Angry People Are Not Always Wise

The photo above was taken by a Telegraph press photographer at the Bath Jane Austen festival a few years ago. It’s me and some of my family, including my Mum. It’s a rather flimsy link to the quote below.

“Angry people are not always wise.”
Jane Austen, Pride and Prejudice

 

If you’re a woman reading this showing anger is probably something you’ve been criticised for in the past. Women who vent their feelings are generally labelled as shrill, harridans, irrational, over emotional. Anger for men, on the other hand, is often seen as a sign of strength. A ‘good’ emotion. But not always…

I’ve been pondering quite a bit on anger this last 7 days. At the end of last week I was running a session for a large local employer on assertiveness and confidence. We talked about getting angry and did it help. In the work situation, I don’t think it does, not often. If we’re confronted by anger we often feel pushed into a corner and respond by retreating or coming out fighting. Either response is not usually the one we want at work because we rarely get anywhere. Anger works when it is an emotion to be used to propel you somewhere else, a point, albeit a significant one, on the journey to changing something. Like the anger of the suffragettes. They used it to change something. Like the anger of the Women’s Equality Party. They are using it to change things.

People who are always angry, who view the world in black and white terms, who talk in terms of the good and the bad, eventually find their opinions are ignored. We stop listening to them. Yes, even the men.

On Monday morning I had BBC Radio 4 on in the background but was jolted into listening properly by a strong, working class Glaswegian voice talking about anger and class. It was a guy I had never heard of before, *Darren McGarvey, who had some very pithy and pertinent things to say on anger. He was talking about personal agency, in particular in relation to poverty and how taking some responsibility for one’s self, having ‘agency’, has become viewed as a middle class, right wing type of prerogative. He echoed so much of what I had been trying to say my group last week; not getting angry does not mean you accept the status quo, that we all lay down and become Stepford Wives and meekly accept our fate. Everyone has personal agency. Even in the darkest of situations we can take some personal power back.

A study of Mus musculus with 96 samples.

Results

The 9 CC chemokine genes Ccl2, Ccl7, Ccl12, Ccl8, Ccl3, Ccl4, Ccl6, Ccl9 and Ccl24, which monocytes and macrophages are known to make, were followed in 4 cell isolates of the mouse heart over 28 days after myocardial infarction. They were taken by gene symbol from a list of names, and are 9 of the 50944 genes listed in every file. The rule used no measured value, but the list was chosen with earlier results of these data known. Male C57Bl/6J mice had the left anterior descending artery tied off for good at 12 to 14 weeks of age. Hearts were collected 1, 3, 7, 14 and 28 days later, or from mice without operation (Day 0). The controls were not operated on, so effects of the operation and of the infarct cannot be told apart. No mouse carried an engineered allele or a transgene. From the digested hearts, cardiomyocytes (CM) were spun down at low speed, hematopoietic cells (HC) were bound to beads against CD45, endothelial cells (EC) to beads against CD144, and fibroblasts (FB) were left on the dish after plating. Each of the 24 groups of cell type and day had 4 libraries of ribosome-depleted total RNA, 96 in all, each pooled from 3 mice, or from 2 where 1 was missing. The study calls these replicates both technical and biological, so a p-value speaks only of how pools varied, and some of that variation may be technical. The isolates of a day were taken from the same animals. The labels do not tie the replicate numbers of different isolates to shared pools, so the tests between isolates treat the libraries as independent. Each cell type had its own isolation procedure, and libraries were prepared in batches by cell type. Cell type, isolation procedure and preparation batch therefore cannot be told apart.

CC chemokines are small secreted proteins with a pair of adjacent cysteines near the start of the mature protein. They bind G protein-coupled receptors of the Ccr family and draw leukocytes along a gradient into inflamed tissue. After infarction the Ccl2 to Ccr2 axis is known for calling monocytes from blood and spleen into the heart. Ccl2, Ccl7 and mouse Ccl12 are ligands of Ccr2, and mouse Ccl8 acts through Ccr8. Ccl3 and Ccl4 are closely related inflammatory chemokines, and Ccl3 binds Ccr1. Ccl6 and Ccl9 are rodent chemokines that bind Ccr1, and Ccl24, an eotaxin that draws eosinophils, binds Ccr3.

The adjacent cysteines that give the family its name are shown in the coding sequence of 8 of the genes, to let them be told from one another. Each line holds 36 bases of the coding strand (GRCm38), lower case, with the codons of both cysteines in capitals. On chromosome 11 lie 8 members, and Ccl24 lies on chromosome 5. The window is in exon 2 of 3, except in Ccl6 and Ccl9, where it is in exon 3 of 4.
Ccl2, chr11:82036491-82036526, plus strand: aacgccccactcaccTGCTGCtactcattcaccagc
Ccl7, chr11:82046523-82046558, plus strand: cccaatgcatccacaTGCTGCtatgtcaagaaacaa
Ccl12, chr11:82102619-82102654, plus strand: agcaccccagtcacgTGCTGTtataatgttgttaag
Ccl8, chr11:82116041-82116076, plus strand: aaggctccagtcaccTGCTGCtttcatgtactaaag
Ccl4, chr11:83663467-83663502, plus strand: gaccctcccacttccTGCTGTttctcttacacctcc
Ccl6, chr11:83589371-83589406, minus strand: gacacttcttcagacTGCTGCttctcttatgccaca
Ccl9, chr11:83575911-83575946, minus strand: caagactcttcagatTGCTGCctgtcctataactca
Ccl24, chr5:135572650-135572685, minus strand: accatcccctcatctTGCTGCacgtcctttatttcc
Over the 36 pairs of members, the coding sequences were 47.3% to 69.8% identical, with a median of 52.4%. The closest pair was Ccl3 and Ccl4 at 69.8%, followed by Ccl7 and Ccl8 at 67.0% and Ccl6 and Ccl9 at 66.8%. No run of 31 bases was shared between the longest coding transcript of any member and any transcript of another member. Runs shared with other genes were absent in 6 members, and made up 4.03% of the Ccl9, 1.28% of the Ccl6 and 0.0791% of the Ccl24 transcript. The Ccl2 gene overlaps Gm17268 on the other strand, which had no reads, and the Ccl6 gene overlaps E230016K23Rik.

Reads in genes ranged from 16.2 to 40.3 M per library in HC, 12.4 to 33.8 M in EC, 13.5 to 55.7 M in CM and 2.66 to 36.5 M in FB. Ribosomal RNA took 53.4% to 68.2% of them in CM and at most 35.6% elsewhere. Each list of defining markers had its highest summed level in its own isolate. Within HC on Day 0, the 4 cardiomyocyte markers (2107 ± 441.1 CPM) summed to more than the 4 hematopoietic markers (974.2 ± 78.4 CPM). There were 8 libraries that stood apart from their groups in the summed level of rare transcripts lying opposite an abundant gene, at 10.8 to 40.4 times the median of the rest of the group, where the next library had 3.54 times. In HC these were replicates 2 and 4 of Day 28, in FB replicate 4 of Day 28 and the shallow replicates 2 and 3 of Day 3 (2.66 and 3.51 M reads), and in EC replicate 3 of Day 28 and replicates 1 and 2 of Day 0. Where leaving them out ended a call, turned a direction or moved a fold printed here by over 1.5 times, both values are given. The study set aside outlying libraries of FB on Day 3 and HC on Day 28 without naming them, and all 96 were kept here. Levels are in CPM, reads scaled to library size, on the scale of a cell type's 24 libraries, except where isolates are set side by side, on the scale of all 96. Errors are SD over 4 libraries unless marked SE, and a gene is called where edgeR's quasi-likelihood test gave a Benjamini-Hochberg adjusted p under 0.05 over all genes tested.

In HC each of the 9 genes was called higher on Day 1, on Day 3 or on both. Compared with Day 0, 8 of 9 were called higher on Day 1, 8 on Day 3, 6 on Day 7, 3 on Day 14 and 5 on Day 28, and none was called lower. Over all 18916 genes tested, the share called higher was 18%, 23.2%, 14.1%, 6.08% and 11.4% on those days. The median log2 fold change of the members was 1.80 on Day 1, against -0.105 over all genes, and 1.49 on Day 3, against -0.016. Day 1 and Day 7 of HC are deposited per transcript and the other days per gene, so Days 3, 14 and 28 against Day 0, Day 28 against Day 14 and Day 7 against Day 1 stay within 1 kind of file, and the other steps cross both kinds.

Anger can make us victims of us all. The most powerful lesson I ever learned in my life is that I am in control of what I feel, and how I respond. I learned it when working with bereaved parents. How do you ever make sense of that, I thought? How can you go on? For me, the answer was from a Stoic philosopher called Epictetus, and if you ever come on one of my courses, you’ll hear me quote him at the end. He said,

We are not touched so much by life events themselves but by the view we choose to take of them.

Yes, get angry, but listen and try to understand what or who is making you angry. Make your choice about how you respond. Understanding, (not condoning) is powerful. It’s your personal power. Don’t give it away.

P.S Speaking of “my courses”, I am personally running RenewYou on 28th November in Bristol. I have 4 spaces left so please do take a look and get in touch if you’re interested.

*Darren McGarvey’s book is called Poverty Safari. I haven’t read it but I will be very soon.